FONDLY known as the “king of fruits” in Malaysia, durian smells as oddly as it looks.
Because of its pungent stench, the majestically thorny fruit is often banned in public spaces. Travel host and writer Anthony Bourdain once famously laid out the consequences of eating the fruit: “Your breath will smell as if you’d been French-kissing your dead grandmother.”
In Malaysia, its smell and taste are celebrated during the annual mid-year season when the bounty of fresh durian is laid out on street stalls and five-foot paths.
But the temptation of the durian’s sweet, creamy flesh is not limited to locals. Tourists – particularly from China – often visit Malaysia in search of the fruit.
In an effort to boost awareness and drive up sales of durian, Malaysia Tourism Centre (Matic) F&B Sdn Bhd managing director Roger Ly set up a food truck along Jalan Ampang to sell the fruit all year round.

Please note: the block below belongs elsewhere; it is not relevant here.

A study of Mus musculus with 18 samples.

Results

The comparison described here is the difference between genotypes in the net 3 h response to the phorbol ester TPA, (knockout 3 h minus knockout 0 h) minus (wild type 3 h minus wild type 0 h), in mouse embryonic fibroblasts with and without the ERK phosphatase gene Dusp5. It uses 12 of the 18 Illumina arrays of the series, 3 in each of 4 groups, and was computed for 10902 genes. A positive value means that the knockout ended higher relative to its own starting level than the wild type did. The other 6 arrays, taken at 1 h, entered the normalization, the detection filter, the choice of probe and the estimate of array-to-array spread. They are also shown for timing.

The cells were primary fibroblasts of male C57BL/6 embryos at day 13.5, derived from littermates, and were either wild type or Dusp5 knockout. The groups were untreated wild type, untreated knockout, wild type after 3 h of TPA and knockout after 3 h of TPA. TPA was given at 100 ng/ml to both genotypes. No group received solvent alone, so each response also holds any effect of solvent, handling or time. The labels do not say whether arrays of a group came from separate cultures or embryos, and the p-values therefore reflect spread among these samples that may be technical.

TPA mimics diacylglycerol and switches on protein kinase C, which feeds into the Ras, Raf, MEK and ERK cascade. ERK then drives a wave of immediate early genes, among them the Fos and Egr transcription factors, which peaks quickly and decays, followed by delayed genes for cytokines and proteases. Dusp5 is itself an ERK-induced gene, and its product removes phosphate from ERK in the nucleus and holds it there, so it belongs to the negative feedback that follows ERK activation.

“Usually, when tourists wish to discover a taste of our tropical fruits, especially durian, it would be difficult for them as many of these fruit stalls would be located in isolated areas and not mainly known to tourists,” Ly told Malay Mail Online.
“We aim to promote local fruits by being located in an area where tourists frequent.”
The truck offers many durian variants including the premium Musang King, D24, and Red Prawn. Tourists can also sample mangosteens, the “queen of fruits”.
In a separate report, Chinese tourists are so enamored by durians that many have expressed interest to acquire durian orchards in Malaysia.
The Chinese currently own about 121ha of durian orchards in Malaysia. Some local farmers are apprehensive about the Chinese dominating durian farms as it might drive up competition and affect prices.
According to Channel News Asia, rising demand of durian from Chinese buyers in Malaysia has resulted in the shrinking of Singapore’s durian market while prices there have surged.